Why America Still Needs Nukes

U.S. Allies View Nuclear Deterrence as Indispensable
Why America Still Needs Nukes

Amid Russia’s violations of a key nuclear arms control pact, and China’s efforts to grow the size and scope of its nuclear arsenal, it’s critical that policymakers and lawmakers act on the NDP panel’s recommendations, especially on America’s offensive and defensive strategic forces.

The NDP panel predicts that the “the next two decades will pose a range of serious threats” to American security and global stability.  These rising threats—which include the spread of weapons of mass destruction, the resurgence of international terrorism, and the return of great power rivalry—are creating a world that is “more challenging than defense planners are accustomed to.”  The panel warns that, in the absence of more resources, the U.S. military “may not be robust enough to meet these challenges within an acceptable margin of risk.”

Since 1945, America has sustained a far-reaching system of alliances with its military power in order to deter major aggression.  In turn, this strategy of U.S. global engagement and leadership has yielded seven decades without another World War, as well as a new rules-based order that has governed many aspects of international relations.  Even now, the NDP panel notes, “American military strength remains central to an effective foreign policy.” 

In particular, the NDP report emphasizes that America’s offensive and defensive strategic forces “continue to play an essential role in deterring potential adversaries and reassuring U.S. allies and partners around the world.”  The report adds that our nuclear arsenal plays “a unique and crucial role”—not only as the “credible guarantor” of the sovereignty of the United States and our allies, but also as “a cornerstone” in “broader U.S. defense strategy.”

Moreover, the NDP concludes that “[n]uclear force modernization is essential,” given the U.S. nuclear arsenal’s “looming obsolescence.”  The report added that “America’s nuclear arsenal will need life extension programs and some modernization if its deterrent value is to be preserved.” For instance, the growth of more sophisticated air defense systems around the world will put America’s B-2 bomber, a stealthy long-range aircraft that can carry both nuclear and conventional weapons, “increasingly at risk” in the middle of the next decade.  The NDP panel urges the United States to field a new bomber that can sneak into heavily-defended airspace and deliver “a broad array of operationally useful payloads,” including nuclear payloads.

It is unfortunate, then, that while the Defense Department seeks to update and replace the “triad” of U.S. nuclear forces—intercontinental ballistic missiles, ballistic missile submarines, and nuclear-armed bombers—it still lacks the funds to do so.  For example, the Navy’s most recent 30-year shipbuilding plan warns that the service can afford the costs of a next-generation ballistic missile submarine only “with significant increases in our top-line.”

As the U.S. nuclear arsenal atrophies, so may our allies’ confidence in the strength of America’s commitment to their security.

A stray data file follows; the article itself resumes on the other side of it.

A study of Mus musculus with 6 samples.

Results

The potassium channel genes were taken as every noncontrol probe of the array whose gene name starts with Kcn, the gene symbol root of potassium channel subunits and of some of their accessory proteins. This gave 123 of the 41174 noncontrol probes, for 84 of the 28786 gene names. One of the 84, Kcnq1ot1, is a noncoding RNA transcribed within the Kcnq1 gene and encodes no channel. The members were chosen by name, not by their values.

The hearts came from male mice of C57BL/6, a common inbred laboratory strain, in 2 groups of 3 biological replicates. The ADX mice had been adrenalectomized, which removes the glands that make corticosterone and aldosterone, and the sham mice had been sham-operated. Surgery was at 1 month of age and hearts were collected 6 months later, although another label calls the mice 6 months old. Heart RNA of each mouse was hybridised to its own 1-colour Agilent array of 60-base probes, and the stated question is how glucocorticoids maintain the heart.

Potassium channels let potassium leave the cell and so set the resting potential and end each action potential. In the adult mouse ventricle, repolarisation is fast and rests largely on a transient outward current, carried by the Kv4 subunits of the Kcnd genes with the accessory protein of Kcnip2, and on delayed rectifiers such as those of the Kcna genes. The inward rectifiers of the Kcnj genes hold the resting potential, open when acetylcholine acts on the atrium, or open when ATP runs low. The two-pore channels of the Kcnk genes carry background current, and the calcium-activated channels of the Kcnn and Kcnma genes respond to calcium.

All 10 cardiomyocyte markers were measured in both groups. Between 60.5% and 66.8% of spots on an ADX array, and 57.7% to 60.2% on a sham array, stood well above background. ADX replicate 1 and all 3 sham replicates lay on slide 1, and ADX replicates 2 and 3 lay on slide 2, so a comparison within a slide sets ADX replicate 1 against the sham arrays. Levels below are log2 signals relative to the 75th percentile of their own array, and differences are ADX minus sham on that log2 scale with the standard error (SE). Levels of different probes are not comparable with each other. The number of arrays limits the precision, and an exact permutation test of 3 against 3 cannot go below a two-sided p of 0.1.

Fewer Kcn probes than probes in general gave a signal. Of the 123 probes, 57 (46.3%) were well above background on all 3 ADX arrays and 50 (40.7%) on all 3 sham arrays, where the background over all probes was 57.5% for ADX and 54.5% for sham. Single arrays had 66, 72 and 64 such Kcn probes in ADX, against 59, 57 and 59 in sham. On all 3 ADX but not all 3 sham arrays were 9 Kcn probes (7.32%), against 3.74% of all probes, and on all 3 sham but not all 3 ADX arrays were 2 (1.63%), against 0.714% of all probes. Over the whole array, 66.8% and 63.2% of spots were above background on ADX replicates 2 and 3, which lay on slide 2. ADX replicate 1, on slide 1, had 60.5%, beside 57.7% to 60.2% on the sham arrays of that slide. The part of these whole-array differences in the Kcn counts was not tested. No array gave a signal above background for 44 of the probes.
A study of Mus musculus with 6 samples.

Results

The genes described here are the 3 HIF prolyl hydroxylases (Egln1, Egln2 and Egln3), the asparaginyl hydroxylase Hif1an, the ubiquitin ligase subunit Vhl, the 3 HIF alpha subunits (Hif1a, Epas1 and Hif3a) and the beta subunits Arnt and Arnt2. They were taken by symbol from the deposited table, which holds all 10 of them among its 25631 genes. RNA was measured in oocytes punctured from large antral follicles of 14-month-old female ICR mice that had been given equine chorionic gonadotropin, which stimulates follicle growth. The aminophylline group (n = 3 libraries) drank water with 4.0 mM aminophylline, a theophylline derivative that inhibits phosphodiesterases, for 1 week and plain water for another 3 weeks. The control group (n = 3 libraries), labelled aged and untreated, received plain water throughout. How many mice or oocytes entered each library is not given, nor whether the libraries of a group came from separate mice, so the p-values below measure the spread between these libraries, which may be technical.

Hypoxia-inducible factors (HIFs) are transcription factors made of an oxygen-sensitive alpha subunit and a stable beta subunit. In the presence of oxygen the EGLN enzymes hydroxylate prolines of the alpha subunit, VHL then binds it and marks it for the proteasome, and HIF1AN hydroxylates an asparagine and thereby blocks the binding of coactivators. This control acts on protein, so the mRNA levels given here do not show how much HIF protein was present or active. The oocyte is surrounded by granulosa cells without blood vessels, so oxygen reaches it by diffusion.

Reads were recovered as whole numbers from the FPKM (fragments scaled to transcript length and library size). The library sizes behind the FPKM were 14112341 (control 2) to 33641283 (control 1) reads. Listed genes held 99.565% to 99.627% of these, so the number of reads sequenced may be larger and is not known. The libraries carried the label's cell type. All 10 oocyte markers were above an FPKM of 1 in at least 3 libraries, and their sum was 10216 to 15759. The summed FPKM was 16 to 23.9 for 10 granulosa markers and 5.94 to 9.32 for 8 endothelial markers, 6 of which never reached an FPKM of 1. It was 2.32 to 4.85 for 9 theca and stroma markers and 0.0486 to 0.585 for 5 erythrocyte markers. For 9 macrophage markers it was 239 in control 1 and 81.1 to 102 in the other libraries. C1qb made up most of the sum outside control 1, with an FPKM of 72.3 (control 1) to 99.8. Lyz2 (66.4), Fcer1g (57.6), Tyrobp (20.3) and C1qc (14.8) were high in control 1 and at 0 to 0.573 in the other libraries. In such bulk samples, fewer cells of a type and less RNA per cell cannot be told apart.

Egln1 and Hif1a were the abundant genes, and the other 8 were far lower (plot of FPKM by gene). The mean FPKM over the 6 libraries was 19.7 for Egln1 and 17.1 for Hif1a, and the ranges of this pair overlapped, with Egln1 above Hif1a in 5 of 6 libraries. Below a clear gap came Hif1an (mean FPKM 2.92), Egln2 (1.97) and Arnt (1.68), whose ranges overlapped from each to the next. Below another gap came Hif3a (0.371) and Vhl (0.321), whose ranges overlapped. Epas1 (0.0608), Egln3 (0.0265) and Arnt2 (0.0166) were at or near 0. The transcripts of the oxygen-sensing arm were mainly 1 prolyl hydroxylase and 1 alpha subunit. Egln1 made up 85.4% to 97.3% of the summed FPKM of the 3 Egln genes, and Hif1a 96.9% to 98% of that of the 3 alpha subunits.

Amid an increasingly unstable world, many of America’s allies continue to view a strong U.S. nuclear arsenal as indispensable to collective security.  Indeed, the 2009 Strategic Posture Commission co-chaired by former Secretaries of Defense William Perry and James Schlesinger noted that some allies “believe that their needs can only be met with very specific U.S. nuclear capabilities.”  The Perry-Schlesinger commission elaborated: 

“Some allies located near Russia believe that U.S. non-strategic forces [that is, short-range or ‘tactical’ nuclear weapons] in Europe are essential to prevent nuclear coercion by Moscow and indeed that modernized U.S./NATO forces are essential for restoring a sense of balance in the face of Russia’s nuclear renewal. One particularly important ally has argued … that the credibility of the U.S. extended deterrent depends on its specific capabilities to hold a wide variety of targets at risk.” 

Some may find it odd that nuclear weapons still play such a central role in U.S. strategy two decades after the Cold War’s end.  However, America’s offensive and defensive strategic forces are, in many respects, the binding tie of its system of alliances and partnerships.  As the U.S. nuclear arsenal atrophies, so may our allies’ confidence in the strength of America’s commitment to their security.  In turn, potential aggressors may become more willing to press the boundaries of what was once considered to be risky or unacceptable behavior.  As a result, the peaceful rules-based order that the United States has labored so hard to establish and maintain over many decades could come unraveled.

As the NDP report makes clear, the world of the 21st century is increasingly volatile.  The U.S. military, including America’s offensive and defensive strategic forces, could be called to decisively secure America’s vital interests across the globe.  That’s why the NDP panel strongly reaffirmed the Defense Department’s continuing emphasis on “a safe, secure and effective nuclear force,” and “regional and homeland missile defenses.”

America’s nuclear arsenal, along with its growing homeland and regional missile defense systems, play a central—and often overlooked—role in maintaining the peace.  If the United States is to continue upholding an international order that advances its security, interests and values, then it must devote sufficient resources to reverse and restore the military’s eroding readiness, capacity, and capabilities in all domains, including strategic forces.  That’s why policymakers and lawmakers in Washington must give the National Defense Panel’s call to action the attention that it deserves.